About Egyptian Mosques

 

The Mosque of Aytmush (Aytmishi) al-Bagassi in Cairo

by Lara Iskander
 

Lara Iskander

 

 

View of Aytmush al-Bagassi Moosque while coming from the direction of the citadel down darb al ahmar

 


The early Mamluk period is architecturally the most rich of the archaic Islamic periods of Cairo, for many major buildings were erected under their reign.

This is due to the fact that the Mamluks started erecting different styles of religious and educational complexes influenced mostly by Spain, Iran and North Africa.

After the strict Ayyubid regulations, which made it possible to have only one main congregational mosque at any one time, during the fourteenth century, the Mamluks allowed several complexes to be built demonstrating a diverse range of styles and designs.

Several of these buildings have survived and are still found in ancient Islamic quarters. Halfway down Bab Al-Wazir Street, near the Muhammad Ali's Citadel, one of these examples can be found, though today it is in a rather poor state of repair.

Nevertheless, the Mosque of Aytmush al-Bagassi, built in 1383, is still used for daily prayer irregardless of the poor state it is in. This is rather unusual in Cairo, and demonstrates the buildings' religious importance.

 

 

Back view of the mosque.

 

The mosque was, at the time, one of the most important buildings considering its location. Bab al- Wazir street or al Darb al-Ahmar road was a fashionable area during the reign of Sultan Al-Nasir Muhammad and later in the 19th Century due to the presence of Sultan Muhammad Aly at the Citadel which encouraged urban expansion.

The road was also a main spine as it connected the Citadel to Bab Zuweila, one of the ancient city gates.

Noticeable while walking down the narrow street are various old residential buildings, testifying to the fine architecture of the 19th Century, built during the Muhammed Aly era.

Going further north, one cannot miss Aytmush Mosque erected on a street corner just before the Khayer Bek Complex and the Blue mosque "Aqsunqur" located further down the road.

The mosque was built by the great Circassian "Amir", Prince Seif al-Din Aytmush al-Bagassi, who for a short period of time held the post of regent under the reign of Sultan Barquq.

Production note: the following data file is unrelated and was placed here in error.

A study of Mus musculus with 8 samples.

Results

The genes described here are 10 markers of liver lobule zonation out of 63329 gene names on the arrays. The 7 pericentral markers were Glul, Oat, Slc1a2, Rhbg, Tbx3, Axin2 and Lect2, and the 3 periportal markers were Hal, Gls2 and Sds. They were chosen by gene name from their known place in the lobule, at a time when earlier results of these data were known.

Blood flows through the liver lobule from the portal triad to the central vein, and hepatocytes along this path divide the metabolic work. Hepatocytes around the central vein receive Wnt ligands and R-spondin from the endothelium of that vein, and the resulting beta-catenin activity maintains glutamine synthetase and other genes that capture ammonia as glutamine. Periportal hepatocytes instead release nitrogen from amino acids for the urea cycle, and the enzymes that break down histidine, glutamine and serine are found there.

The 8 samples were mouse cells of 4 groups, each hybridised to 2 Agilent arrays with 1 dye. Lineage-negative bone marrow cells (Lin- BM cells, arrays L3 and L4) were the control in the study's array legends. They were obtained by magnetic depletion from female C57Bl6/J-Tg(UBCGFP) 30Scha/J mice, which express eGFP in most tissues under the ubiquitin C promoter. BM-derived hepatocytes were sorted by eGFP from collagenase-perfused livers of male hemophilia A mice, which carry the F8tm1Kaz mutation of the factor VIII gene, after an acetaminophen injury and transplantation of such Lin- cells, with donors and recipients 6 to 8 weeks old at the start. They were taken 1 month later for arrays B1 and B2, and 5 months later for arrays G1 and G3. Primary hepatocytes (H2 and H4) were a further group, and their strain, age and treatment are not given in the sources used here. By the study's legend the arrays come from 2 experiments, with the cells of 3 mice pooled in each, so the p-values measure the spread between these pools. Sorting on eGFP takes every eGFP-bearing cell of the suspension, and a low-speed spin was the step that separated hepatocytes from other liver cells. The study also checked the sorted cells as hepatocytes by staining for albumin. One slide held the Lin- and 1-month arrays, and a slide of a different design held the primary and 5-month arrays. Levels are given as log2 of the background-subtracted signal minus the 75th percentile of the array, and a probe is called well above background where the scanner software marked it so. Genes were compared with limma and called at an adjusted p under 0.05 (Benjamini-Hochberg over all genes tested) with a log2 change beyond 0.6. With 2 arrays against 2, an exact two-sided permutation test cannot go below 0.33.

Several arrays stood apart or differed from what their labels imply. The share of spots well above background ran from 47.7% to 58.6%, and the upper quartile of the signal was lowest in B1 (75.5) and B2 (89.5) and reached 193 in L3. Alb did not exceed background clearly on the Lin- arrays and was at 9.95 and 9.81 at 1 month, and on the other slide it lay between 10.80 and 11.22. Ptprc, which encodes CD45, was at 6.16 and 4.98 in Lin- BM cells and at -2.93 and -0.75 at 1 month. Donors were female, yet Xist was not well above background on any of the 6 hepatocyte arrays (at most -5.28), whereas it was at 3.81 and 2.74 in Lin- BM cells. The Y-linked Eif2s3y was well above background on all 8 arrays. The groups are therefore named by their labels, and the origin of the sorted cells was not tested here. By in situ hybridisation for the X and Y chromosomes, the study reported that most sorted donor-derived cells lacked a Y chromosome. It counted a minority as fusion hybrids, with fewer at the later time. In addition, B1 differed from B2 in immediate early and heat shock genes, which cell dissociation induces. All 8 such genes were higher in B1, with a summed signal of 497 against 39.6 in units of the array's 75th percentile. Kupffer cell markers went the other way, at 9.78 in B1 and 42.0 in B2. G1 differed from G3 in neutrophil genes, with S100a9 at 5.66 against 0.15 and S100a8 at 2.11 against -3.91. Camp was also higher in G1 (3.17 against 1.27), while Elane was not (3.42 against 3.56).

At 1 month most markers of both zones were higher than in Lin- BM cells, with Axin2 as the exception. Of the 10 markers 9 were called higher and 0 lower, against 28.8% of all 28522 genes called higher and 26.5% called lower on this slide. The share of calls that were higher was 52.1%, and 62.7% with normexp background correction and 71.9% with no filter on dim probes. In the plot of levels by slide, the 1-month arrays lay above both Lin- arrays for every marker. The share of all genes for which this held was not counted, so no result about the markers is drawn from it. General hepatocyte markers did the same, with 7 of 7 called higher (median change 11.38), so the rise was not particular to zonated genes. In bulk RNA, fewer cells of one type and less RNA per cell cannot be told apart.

Interior view of the mosqueHorse-shoe arches

 

Left: Interior view of the mosque; Right: Horse-shoe arches

 

View of the Sabil Kuttab  and Basb al Wazir, (Gate of the Minister).

 

The plan of the complex gathers the Mosque, Mausoleum and a Sabil-Kuttab into a single unit. The plan has an unusual form, plain both in shape and decorations. It consists of a Durqa'a, a rectangular space covered by plain buttresses of a flat wooden ceiling with a central lantern and of course, the Qibla iwan occupying around fifty square meters of a total of 250 square meters.

The Qibla iwan is a rectangular area facing the Durqa'a through a pointed horse-shoe arch. In the center is the mihrab with two pointed arched niches on its sides.

The Main entrance of the mosque is located on the street facade leading directly to the covered courtyard. As for the secondary entrance, it was used for the mosque's services and utilities.

 

 

A view of the Mosque's dome and entrance

 

The facade is richly decorated and topped with a ribbed dome that was common from 1360 to the 1400's. The recessed entrance is defined by plain stucco, and above the two side sitting banks is a band of inscription. It is also surmounted with inverse heart shaped leaf patterns. The interior of the mosque is characterized by its simplicity and the use of natural materials, the same as the exterior facades which are also remarkably simple.

The minaret is placed adjacent to the entrance as a landmark emphasizing its location and the street alignment.

To the left corner, behind the mosque lies the Sabil-Kuttab.

The Sabil (ablutary) is separated from the mosque but can still be reached from both inside and outside. The drinking trough is located behind the mosque, which one can reach through the Sharia Bab al-Turba ("Gate of the Tomb"), on the mosque's north side, which was the site of a former city gate.


 

A view of the mosque and its minaret

 

This adjacent building has a beautiful facade full of fine and unique details.

The building is not in use nowadays. It is connected to Bab al-Wazir "Minister's Gate" which separates the Kuttab from the facing monument, the Mausoleum of Tarabay al-Sharifi, another magnificent building with a huge carved dome.

The surrounding area is lined up with diverse monuments, one next to the other.

Facing Tarrabay and Aytmush Kuttab is the remains of the newly excavated Ayyubid Wall of the 12th Century. This wall was planned by Salah el-Din in order to join the old Fatimid city of "Al-Qahira" with the Citadel and the Aqueduct.

 

Resources:

 

  • Islamic Monuments in Cairo, The practical guide. Caroline Williams.

  • Principles of Architectural designs and urban planning during different Islamic eras, the organization of Islamic Capitals and Cities.